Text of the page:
Brit scientists have made a major breakthrough in the fight against cancer — by unveiling a supercharged broccoli. It comes after a 26-year slog by the scientists to cultivate a special strain of the humble veg.

Their breeding programme — started in 1984 using some wild broccoli picked in Italy — has finally come up trumps with a new variety that can also combat heart disease.

The new strain boasts twice the levels of a wonder nutrient long known to make broccoli a powerful weapon in staving off cancer and other killer diseases.

Researchers at the University of East Anglia reckon the huge dose of glucoraphanin in their veg could be more effective than existing drugs.

The plants the super broccoli was bred from were personally picked by Dr Richard Mither, whose Norwich-based Institute of Food Research helped come up with the new strain. “It’s not genetically modified — it’s nothing to do with GM. It’s just a normal breeding programme,” Mither said.

“I collected wild broccoli in the 1980s and it’s derived from that,” he added.

Vegetarian diet good for kidney disease patients

A new study has suggested that sticking to a vegetarian diet can help kidney disease patients avoid accumulating toxic levels of phosphorous in their bodies.
Kidney disease patients must limit their phosphorous intake, as high levels of the mineral can lead to heart disease and death.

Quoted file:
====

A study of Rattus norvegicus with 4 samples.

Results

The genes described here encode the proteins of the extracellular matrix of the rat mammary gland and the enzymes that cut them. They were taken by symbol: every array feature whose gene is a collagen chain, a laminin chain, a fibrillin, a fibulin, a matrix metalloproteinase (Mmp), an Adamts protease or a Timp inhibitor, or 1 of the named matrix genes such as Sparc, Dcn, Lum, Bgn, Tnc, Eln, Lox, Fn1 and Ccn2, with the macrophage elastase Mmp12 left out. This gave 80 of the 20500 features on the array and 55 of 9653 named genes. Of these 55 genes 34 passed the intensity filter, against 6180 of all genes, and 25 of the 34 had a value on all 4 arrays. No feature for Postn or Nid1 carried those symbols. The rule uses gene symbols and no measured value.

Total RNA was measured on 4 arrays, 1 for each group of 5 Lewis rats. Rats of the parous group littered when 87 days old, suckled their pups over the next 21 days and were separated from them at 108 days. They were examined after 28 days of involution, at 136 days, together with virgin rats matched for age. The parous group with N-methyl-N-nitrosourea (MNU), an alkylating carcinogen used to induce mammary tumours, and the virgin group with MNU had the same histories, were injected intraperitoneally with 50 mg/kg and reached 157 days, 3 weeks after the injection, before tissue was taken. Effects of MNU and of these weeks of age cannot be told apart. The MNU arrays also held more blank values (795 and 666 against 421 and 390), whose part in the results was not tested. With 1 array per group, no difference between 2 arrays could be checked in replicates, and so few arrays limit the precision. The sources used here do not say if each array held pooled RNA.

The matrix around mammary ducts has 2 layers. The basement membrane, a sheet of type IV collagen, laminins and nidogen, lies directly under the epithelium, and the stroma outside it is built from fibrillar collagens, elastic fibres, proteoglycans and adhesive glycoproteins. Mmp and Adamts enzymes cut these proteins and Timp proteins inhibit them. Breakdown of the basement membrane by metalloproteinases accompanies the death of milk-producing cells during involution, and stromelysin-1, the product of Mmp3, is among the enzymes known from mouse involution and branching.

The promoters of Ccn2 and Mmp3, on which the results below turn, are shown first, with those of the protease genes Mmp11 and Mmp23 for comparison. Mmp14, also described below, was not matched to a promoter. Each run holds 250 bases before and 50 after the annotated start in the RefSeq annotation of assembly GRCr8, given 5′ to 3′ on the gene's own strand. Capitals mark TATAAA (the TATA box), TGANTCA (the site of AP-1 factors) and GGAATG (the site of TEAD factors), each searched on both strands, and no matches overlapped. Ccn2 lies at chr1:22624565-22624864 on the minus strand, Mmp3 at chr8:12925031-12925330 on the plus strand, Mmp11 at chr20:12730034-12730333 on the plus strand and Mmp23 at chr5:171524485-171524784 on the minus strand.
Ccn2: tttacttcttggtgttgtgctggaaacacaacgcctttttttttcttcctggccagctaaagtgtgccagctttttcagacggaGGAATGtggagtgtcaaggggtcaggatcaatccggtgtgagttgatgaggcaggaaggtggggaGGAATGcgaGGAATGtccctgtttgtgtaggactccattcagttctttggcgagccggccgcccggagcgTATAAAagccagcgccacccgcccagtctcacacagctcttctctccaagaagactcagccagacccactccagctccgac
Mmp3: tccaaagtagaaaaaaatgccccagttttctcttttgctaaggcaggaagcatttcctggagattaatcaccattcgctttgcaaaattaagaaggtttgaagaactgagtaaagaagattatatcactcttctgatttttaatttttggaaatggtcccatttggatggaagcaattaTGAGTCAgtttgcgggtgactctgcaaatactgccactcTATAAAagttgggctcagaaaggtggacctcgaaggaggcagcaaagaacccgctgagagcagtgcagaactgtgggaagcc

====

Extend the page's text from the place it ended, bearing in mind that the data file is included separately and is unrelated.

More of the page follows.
While medical guidelines recommend low phosphorus diets for patients with chronic kidney disease (CKD), phosphorus content is not listed on food labels.

Sharon Moe (Indiana University School of Medicine and Roudebush Veterans’ Affairs Medical Centre) and her colleagues studied the effects of vegetarian and meat-based diets on phosphorous levels in nine patients with CKD.

Patients followed a vegetarian or meat-based diet for one week, followed by the opposite diet two to four weeks later. Blood and urine tests were performed at the end of each week on both diets.

Despite equivalent protein and phosphorus concentrations in the two diets, patients had lower blood phosphorus levels and decreased phosphorus excretion in the urine when they were on the vegetarian diet compared with the meat-based diet.

‘Anti-growth’ hormone could reverse signs of aging

Scientists have discovered that a compound that acts opposite to a growth hormone could reverse the process of aging.

Saint Louis University researcher John E Morley and his colleagues studied
the compound MZ-5-156, a “growth hormone-releasing hormone (GHRH)

When tried on mice, the compound had positive effects on oxidative stress in the brain, improving cognition, telomerase activity (the actions of an enzyme which protects DNA material) and life span, while decreasing tumour activity.

It inhibited several human cancers, including prostate, breast, brain and lung cancers.

The compound also exhibited positive effects on learning, and is linked to improvements in short-term memory.